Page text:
Wednesday, January 03, 2007

The Dark Side revealed!

What you see above is an image, made by Chandra, of two colliding clusters of galaxies. The red areas at the center of the image are normal interstellar gas heated by the collision. The outer blue areas are the first visual evidence of the "dark matter" that theorists have posited as making up most of the mass of the universe. The dark matter is not heated because units of such matter do not interact with each other or with normal matter in ways that generate heat. The dark matter is detected by gravitational lensing; that is, by the distortion of the light from more distant objects behind it.

I found this image, as in my earlier "Galactic Greetings" post, through a link in Cosmic Log. This link took me to a post of the "Top Ten Astronomy Images of 2006" in a superb blog called Bad Astronomy. The other images are well worth perusing.

Tuesday, January 02, 2007

Farewell to the H-Bomb.

No, not the weapon. On New Year's eve, we had some friends over for dinner and to watch the fireworks from our roof. My wife suggested that I play some James Brown, so I dug out my Roots of a Revolution, which documents his early years with King Records in Cincinnatti, backed by the first version of the Famous Flames. After that played, our guests were in the mood for more historic R&B, so I put on the third disc, "Things Have Changed 1951-1955", of a superb collection, Stompin' at the Savoy, which includes jump blues and R&B cuts released on the Savoy label from 1944 to 1961. The first cut on the "Things have Changed" disc happened to be "Good Lovin'" (not to be confused with the song released in 1966 by the Young Rascals) by "H-Bomb" Ferguson, a jump blues with a bellowing vocal backed by a snazzy band. The singer's name elicited some curiosity; all I could say was what I had read in the booklet accompanying the disc: that he was a blues shouter who recorded for Savoy in the early 1950s and had a style reminiscent of Wynonie Harris. The nickname came from Savoy producer Lee Magid, who said Ferguson's "voice could shake a room."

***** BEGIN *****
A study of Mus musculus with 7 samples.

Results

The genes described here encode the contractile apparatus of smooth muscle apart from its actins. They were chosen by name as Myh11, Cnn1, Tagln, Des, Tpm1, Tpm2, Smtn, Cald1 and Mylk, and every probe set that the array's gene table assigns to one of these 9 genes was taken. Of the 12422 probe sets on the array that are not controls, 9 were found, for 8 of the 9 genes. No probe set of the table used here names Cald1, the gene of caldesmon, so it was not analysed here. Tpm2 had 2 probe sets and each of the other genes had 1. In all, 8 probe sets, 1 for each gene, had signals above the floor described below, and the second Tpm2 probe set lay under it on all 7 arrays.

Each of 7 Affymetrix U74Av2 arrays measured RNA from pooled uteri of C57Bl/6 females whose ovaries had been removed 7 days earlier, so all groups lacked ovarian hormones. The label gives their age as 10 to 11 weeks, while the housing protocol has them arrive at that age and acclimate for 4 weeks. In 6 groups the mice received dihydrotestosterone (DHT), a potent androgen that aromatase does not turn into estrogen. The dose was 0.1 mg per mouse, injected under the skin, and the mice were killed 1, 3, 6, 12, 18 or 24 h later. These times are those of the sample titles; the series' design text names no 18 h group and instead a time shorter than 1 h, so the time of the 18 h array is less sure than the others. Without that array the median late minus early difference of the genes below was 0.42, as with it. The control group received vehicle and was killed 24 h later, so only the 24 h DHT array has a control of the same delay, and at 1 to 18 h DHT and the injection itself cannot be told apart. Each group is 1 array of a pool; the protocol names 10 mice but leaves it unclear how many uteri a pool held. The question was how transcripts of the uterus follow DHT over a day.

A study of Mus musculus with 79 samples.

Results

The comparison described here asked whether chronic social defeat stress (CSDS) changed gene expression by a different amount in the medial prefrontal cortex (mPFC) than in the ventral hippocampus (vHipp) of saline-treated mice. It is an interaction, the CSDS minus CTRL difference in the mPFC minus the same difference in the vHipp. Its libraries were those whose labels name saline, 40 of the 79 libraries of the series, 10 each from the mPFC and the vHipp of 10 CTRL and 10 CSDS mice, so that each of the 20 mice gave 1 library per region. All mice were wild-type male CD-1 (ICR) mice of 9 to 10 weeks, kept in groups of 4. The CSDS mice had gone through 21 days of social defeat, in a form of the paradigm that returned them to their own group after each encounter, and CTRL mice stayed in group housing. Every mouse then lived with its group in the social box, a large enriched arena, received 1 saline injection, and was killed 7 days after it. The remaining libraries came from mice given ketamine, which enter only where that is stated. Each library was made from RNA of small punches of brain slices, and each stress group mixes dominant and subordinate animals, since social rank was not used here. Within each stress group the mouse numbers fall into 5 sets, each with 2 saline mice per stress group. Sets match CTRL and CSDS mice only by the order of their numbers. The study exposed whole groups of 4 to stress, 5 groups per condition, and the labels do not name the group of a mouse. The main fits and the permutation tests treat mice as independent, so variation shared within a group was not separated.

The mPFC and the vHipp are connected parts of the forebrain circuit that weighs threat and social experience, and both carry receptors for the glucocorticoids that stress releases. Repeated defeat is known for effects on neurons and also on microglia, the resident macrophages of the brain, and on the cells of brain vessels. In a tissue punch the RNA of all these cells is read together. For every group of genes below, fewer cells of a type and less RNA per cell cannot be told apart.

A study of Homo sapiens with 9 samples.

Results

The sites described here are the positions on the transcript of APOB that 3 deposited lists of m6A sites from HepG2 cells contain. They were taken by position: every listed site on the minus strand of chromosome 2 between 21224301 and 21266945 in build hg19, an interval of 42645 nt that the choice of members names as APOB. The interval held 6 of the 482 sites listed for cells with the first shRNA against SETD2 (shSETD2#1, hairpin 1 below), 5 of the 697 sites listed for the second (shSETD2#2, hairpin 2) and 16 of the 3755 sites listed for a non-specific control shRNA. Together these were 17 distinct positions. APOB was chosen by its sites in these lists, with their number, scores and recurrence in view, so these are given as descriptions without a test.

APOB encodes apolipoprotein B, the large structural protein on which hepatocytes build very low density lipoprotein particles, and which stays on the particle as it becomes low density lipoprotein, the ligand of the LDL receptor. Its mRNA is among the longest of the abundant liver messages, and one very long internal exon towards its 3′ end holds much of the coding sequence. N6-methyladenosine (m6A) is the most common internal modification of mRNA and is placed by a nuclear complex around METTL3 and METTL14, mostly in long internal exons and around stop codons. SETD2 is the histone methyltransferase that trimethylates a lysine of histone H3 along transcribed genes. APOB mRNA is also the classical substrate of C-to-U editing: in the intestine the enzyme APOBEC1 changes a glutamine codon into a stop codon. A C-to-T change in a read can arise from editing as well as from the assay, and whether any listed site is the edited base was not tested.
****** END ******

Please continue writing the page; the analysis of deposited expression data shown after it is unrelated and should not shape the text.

This morning I was reading an article by Will Friedwald in the arts section of the New York Sun inspired by a forthcoming Highlights in Jazz concert at the Tribeca Performing Arts Center, featuring the great alto saxophonist Lou Donaldson. Friedwald's article stresses the importance of Donaldson's roots in blues, and notes that, when he settled in New York after World War Two, he "began to study music seriously, working extensively with R&B singers such as H-Bomb Ferguson and Larry Darnell and touring with Wynonie Harris."

I figured that encountering references to the same relatively little-known R&B artist twice in three days must signal kismet. These days, kismet leads me to Google, where I learned that H-Bomb left New York in the late 1950s for Cincinnatti, where he, like James Brown, recorded for King Records. When his recording career didn't take off like Brown's, he continued to perform live, but didn't make a CD until 1993's Wiggin' Out, which took its name from his late career habit of performing in brightly colored wigs. You can hear a sample of "My Brown Frame Baby", from that album, here.

My Google search also uncovered this amazing list of "bomb songs" (including H-Bomb's 1952 "Rock H-Bomb Rock") compiled by an outfit called Conelrad (remember the original?) in a multi-disc collection called Atomic Platters - Cold War Music from the Golden Age of Homeland Security. Click on any song title to get a short account of the artist and history, along with the lyrics. For example, here's "Jesus Hits Like an Atom Bomb" by Lowell Blanchard and the Valley Trio, and here's the scarifying "When They Drop the Atomic Bomb", by Jackie Doll and his Pickled Peppers.

My research on Mr. Ferguson came to a sad conclusion with this item from Variety, noting his death just over a month ago.